Forget Superman, it’s all about Today’s Superkid!

Superkid Stamp of ApprovalAdults, you aren’t the only ones stressed. Between the fun-filled days of childhood and the freedom from our parents that youth spend 18 years imagining, is a dark time called the teen years. It is filled with impossibly high expectations, peer pressure, and learning self-identity through and despite all of this.

As I write this, my phone is going off every five minutes with reminders for the three articles I still need to do, the two tests I need to study for, the advertising campaign for the Roc City Skate Park I really need to get going on (I wonder if that link counts as a start?), and the web site I still need to design for class. Also, on my schedule: two eleven hour work shifts for the weekend and a quick hour with my mom to reconnect. Just chalk me up with the other 85% of young people who feel stressed, according to a recent survey done by the Associated Press and MTV. It is just simply becoming harder for teens to juggle the expectations being forced upon them.

“I see students everyday who are stressed,” said Jamie Salatino, Guidance Counselor at School Without Walls Commencement Academy. She lists time management, a sense of being overwhelmed by school/personal responsibilities,  a fear of what comes after high school, and general relationship problems with friends, families and significant others as the more prevalent stressors. Tack onto it dealing with impoverished homes, broken homes/families, and even health issues for some and one should quickly begin to wonder just how students are able to manage carrying such a heavy weight on our shoulders- and just how is the rest of the world able to pretend as if it isn’t there?

I hate to break it to the adults, but sometimes we do as much, if not more, than they do.  We are also dealing with that rocky job market, when we are seeking part-time employment or when we are changing our plans of study in college to better our chances of employment when graduate. Sometimes we raise children, and sometimes they’re not even ours. They are our brothers and sisters who needed help with homework or a comforting word, or in worst case scenarios, depended on us for dinner that night.

When Celine Anderson, 18, was 13 years old her mother became sick and had to be hospitalized for three months, Anderson had to help take care of her 9-year-old sister. She didn’t get a chance to truly worry over her mother because she had to be strong for her and her sister. However, her grades dropped. Now, Anderson is in college studying Journalism, working part-time to supplement her tuition, and working for The Reporter, the campus’ newspaper. However, her grades have dropped again as she made the transition from high school to college.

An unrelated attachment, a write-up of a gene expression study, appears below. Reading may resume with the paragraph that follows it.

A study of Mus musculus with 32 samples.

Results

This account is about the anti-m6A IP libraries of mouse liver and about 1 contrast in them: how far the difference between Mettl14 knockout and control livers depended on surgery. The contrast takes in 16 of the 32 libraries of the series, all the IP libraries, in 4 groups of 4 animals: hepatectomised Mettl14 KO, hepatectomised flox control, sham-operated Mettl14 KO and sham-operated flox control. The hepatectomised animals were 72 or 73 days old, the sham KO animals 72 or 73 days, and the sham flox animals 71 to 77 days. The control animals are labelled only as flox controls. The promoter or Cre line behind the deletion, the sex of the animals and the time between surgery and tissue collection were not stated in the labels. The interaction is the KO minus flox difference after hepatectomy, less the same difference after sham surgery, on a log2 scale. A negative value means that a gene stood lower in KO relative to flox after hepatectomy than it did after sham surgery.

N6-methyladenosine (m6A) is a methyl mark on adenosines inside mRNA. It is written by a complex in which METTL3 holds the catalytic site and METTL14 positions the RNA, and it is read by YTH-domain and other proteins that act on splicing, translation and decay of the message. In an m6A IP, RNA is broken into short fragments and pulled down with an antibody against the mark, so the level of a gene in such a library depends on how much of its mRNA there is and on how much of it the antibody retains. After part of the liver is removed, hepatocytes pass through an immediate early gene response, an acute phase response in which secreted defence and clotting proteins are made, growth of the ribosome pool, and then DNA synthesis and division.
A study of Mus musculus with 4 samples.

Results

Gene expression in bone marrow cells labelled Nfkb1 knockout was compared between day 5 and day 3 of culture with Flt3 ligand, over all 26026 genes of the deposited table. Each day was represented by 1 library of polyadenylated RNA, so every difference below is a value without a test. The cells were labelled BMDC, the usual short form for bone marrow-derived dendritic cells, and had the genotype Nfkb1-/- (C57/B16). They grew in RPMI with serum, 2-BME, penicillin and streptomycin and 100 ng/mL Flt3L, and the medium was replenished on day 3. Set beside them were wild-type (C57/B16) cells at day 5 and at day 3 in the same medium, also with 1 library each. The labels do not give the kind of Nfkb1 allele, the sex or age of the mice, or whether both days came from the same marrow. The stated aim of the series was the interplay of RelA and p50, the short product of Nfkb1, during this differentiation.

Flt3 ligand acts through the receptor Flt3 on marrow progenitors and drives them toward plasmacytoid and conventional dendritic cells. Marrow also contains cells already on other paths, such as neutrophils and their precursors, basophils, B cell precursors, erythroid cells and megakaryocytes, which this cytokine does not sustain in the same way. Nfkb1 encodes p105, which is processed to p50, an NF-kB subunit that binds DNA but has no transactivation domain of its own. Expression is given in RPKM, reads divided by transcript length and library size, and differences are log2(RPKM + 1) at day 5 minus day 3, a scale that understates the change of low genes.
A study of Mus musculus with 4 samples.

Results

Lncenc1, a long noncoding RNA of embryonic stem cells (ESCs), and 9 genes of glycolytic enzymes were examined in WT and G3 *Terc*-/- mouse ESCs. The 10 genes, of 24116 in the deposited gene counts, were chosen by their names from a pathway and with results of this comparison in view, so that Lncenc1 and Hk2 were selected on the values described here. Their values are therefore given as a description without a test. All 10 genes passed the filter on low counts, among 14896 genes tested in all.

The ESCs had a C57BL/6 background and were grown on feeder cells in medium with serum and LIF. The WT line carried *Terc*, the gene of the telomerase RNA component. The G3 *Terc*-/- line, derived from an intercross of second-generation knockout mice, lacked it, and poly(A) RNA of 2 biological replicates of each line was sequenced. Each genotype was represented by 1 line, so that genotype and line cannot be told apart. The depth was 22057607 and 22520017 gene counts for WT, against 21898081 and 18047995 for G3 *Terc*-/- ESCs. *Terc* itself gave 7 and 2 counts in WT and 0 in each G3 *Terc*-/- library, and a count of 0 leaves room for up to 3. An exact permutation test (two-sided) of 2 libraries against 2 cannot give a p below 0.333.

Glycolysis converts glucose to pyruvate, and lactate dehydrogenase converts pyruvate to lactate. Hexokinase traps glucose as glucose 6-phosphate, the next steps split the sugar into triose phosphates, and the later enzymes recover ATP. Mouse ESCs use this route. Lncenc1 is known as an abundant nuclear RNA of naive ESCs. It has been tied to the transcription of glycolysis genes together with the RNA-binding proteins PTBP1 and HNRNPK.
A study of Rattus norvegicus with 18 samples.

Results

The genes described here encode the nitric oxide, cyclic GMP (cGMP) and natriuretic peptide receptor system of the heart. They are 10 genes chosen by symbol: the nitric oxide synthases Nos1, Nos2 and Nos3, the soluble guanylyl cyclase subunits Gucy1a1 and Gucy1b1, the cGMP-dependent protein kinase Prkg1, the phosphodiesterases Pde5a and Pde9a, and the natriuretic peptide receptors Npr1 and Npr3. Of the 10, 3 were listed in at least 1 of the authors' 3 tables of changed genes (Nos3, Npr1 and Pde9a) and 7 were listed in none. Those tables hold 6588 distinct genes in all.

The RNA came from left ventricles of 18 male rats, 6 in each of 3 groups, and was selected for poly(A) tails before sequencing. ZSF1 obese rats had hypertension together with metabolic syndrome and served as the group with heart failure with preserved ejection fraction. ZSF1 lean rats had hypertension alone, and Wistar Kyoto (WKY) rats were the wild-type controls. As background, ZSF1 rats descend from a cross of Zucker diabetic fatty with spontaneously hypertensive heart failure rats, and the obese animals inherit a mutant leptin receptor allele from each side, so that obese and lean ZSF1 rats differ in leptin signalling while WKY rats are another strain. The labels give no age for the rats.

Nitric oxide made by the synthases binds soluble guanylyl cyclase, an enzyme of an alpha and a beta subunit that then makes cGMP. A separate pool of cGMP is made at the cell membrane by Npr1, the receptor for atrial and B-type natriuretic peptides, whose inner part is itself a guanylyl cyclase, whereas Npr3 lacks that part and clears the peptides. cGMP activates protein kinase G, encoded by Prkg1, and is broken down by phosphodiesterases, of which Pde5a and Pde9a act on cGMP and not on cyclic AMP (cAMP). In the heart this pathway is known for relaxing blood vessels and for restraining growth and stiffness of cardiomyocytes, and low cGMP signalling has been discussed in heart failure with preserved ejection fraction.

“I’ve been through a lot worse,” she told me. It’s how she keeps herself going. Youth are now juggling: friends, family, significant others, school, work/employment, extracurricular activities, and a very heavy increase of social pressures, while also walking across a tightrope that hovers over the pit of failure many of our own friends and family have fallen into. For all of the youth reading this, that probably just made it worse, huh? But it’s nice to put things in perspective and go from there…at least that’s what my adult mother said (emphasis on the adult part.)

Jamie Salatino’s suggestion to stressed students: “Keep people who have known you for a long time around because they can remind you that you had a similar stress/event and made it through.”

I agree wholeheartedly and I’d like to add: keep being amazing, every single one of you. Aristotle once said, “We are what we repeatedly do. Excellence, therefore, is not an act but a habit.”

My name is Tianna and this message is Superkid approved.



I absolutely love to write! I am a Journalism and Political-Science Dual-Degree at Rochester Institute of Technology. I hope to inspire all of my readers to better their own lives and to be proactive in their communities. There is nothing more important, or more rewarding, than giving back!



  1. Jon Solow
    April 3, 2012 at 2:44 pm #

    I know how this girl feels with family problems and low grades from it. My dad needed surgery and I had to help my mom with the jobs that my dad would’ve done. This really inspired me and comforted me.

  2. Ryan jefferson
    April 3, 2012 at 2:40 pm #

    I would agrre 1000%.this article was packed with so much exiting information that fills with ideas. Being a teen sometimes can be so hard sometimes because you get respect but sometimes not enough. p.s. thanks for the roc city skate park advertisement

  3. Morgan V.
    April 3, 2012 at 2:40 pm #

    Nowadays, I see kids doing the opposite. Not every kid is stressed out; the population of stressed kids verses non-stressed is pretty equal. You have kids from polar opposites in the same class: some kids struggling just to stay awake in school because of their 8 hour shifts the night before, and kids struggling to stay awake because they were out partying until 2AM. Sure, kids are stressed out for different reasons, but rather than reduce the stress, the answer is to get your priorities in order and manage time more wisely.

    • April 3, 2012 at 6:13 pm #

      This is true. How would you suggest kids get their priorities in order?